Look for advice for sump pump project


(Beau Thompson) #1

hi I trying to monitor two sump pump’s
the house is on a crawlspace the pumps are 60 feet apart
i was thinking a z-wave device that i can plug in where pump get power to let me see power usage and trigger a light in the house if it runs
thank for any ideas
beau


(Jimmy) #2

A socket with power monitoring would work. let us know what country you’re in and we can suggest some devices.


(Beau Thompson) #3

I am in the us it would need to be small as power oulet is on the bottom of the floor


(Jimmy) #4

This may work


(Paul Haskins) #5

I’d NEVER put a device on anything that could be mission critical. I’ve seen way to many random “on” and “off” happen.

What if the device turned off during heavy rain? Monitor with another device, but not allow on/off.


(Glen King) #6

Personally, I would find a different approach than sump pumps if possible.
IF your yard has the space, then dig drainage channels!

I had floods in my basement after I bought this house. (Pr$ck doctor who sold it to me told me “no, we’ve never had a flood” despite the clear evidence of it on the basement floors.) Anyway, the water would come in the basement windows during every significant rain storm. A couple of advisors said I had to install a system of sump pumps…

But I looked at the property itself.

I ordered a few yards of soil, some hard-flex perforated pipe, some gravel… and began digging. The two windows that were leaking? My drainage channel ran past them, and the land was re-graded so the water in the yard flowed away from them and into the gravel-covered perforated pipe. Within a few years, grass overgrew the gravel. Now my yard drains correctly, and there has been no water in the basement since I did that digging.

Far better solution than relying on pumps.


(Paul Haskins) #7

Agree - but in many, many locations, not remotely possible.

I have about 3’ drop from the front of the house150’ to the storm sewer. I need 8’ of lift to get to the driveway, so I would need a to bury 9-10’ at the house, and would still be about 4-6’ too low at the storm sewer.

Works fine fir those a street over - drains right into my back yard :slight_smile:


#8

I guess you could get an aeotec power monitor and put a clamp around the power cable to monitor power used while still plugging the pump directly into outlet. Or you could use two water detectors (with extensions) to monitor when the water goes below the level after the pump runs and one above where it should have kicked on. Trying to figure this out myself before I venture into my crawl…


(Jimmy) #9

On top of the power meter on the pump itself, I have a water sensor with a remote wire hanging into the sump pit. That way if it ever rises beyond normal level I get an alert before it overflows.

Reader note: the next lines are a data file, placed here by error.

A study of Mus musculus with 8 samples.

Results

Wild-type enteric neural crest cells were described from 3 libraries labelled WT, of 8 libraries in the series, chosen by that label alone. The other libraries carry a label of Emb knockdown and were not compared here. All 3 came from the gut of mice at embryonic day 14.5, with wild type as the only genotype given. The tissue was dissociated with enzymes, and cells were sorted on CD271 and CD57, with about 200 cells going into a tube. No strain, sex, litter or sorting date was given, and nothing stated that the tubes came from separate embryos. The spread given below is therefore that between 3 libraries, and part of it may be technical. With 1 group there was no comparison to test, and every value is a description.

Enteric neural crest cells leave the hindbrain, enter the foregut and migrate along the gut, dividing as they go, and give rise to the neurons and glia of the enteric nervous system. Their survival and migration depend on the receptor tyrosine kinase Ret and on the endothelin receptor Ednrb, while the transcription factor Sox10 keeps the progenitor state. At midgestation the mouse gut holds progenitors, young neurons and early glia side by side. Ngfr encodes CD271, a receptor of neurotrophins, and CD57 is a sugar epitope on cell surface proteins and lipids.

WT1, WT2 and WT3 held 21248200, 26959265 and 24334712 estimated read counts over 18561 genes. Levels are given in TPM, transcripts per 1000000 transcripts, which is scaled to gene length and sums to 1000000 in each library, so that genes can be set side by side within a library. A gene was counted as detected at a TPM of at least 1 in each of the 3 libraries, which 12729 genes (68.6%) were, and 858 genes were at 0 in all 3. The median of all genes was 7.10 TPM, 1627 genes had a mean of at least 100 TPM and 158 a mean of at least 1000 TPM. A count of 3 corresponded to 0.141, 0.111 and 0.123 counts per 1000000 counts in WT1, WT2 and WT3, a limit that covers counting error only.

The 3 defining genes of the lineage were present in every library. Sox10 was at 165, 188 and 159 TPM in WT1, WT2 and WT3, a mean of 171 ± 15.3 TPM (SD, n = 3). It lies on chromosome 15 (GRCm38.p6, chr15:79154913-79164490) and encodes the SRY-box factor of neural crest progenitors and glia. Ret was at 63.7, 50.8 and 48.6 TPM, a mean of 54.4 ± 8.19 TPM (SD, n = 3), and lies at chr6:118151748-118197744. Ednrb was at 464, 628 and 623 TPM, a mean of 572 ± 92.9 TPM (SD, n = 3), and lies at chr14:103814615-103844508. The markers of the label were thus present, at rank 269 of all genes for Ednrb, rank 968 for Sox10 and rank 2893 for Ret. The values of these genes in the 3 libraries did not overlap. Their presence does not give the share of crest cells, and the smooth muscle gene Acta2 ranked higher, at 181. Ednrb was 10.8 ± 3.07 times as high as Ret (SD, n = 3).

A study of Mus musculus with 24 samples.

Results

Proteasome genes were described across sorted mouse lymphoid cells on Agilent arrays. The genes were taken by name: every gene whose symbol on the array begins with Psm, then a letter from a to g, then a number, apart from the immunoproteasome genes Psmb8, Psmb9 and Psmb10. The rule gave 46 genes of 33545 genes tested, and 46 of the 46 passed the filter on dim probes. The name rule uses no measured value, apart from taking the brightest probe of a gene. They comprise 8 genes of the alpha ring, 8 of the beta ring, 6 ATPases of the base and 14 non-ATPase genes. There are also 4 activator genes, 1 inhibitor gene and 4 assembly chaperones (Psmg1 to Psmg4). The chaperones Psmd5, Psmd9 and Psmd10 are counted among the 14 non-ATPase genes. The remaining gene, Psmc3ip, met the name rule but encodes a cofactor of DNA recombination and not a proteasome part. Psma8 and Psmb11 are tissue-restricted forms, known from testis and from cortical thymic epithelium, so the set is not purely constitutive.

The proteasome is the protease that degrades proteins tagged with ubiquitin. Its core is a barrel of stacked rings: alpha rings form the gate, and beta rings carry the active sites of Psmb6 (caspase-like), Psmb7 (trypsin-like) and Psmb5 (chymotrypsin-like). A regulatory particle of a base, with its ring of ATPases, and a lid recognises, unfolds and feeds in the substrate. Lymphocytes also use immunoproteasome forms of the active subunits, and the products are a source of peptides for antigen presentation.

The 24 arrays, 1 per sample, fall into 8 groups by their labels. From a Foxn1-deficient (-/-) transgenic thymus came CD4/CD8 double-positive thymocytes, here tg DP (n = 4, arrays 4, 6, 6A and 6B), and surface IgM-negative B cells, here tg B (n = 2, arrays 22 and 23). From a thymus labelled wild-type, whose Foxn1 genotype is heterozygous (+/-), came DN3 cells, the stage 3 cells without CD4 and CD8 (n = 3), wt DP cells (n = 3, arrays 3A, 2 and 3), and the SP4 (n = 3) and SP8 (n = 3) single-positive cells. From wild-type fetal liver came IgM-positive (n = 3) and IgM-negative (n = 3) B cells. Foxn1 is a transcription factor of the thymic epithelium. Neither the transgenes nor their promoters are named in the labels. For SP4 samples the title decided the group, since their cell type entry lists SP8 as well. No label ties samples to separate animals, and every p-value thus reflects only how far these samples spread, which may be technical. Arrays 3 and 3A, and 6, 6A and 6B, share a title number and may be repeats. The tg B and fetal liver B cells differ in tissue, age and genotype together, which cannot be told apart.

(Paul Haskins) #10

You can’t just clamp around the wire, it would read zero, either need to jerry-rig a split to get one side, or there are a few “things” available that do this, used for amp testing. (no quick source).

IMHO - good idea, or do it for that circuit in the box.


(Beau Thompson) #11

is this a good choice for a water sensor


(Jimmy) #12

I have the Aeotec and every now and then will get a false alert. The fibaro unit has been my most reliable and has terminals for a remote wire. Also have a Dome/Neo Coolcam sensor that has a remote sensor, but have only had it a week, so can’t comment on how reliable it is yet.


(Beau Thompson) #13

do you have a link for the fibaro unit?
i have two question 1. are there any energy monitoring plug with out on/off
is there a water sensor that is powered ?
thanks


(Jimmy) #14

The fibaro unit can be powered by a wall adapter. I don’t know of an energy monitoring plug without on/off. You could create a custom device handler and remove the switch capability from it, though.


(Kevin) #15

Here is the Aeon Home Energy Monitor. I had one on my sump circuit breaker wire at previous house.

This is the device to split the AC wires if you can’t get it in circuit breaker.

If you don’t have battery backup, I highly recommend that for at least one of your pumps too.

Once you get all that set up, you could use WebCore to monitor the data and send alerts…
-if pump stays on for longer than X seconds (my float use to stick on occasionally)
-if pump doesn’t run at all for X hours (circuit breaker, broke, etc)
-count how many cycles per hour and chart it

I was obsessed with tracking my pump for a while :blush:


(Beau Thompson) #16

Hi kevin,

i was looking at the Aeon Labs AEDSB09104ZWUS Aeotec Z-Wave Smart Energy Monitor Meter
it goes on the main power wires so how did you known when pump comes on?
thanks beau


(Kevin) #17

You can use it on individual circuits as well. I have 3 HEMs (as they are known here), but haven’t gotten them installed in my new home yet. At previous house, I had one on the mains and actually looked at the energy usage… #2 was split (one side washer, one side dryer)…#3 was split (one side for sump, one for???). For #2 and 3 I didn’t really care about the energy usage, just let me know when the pump/appliance were on.

I think this the Device Handler I used:

Here are some discussions on the HEM installs…



Word of caution if you are not familiar with electrical panels you should probably have an electrician do this. Your mains cannot be turned off inside and they are live and exposed inside the electrical panel.


(Joel W) #18

Not sure if this was directed to me, but I am an Electrician, and in building automation for 32 years, now retired.


(Kevin) #19

Sorry, no, the forum must have notified you because I linked to your clean HEM install pictures :slight_smile:


(Joel W) #20

Not a problem, but your quote hits the point. People should stay out of their electrical panel unless they know what they are doing.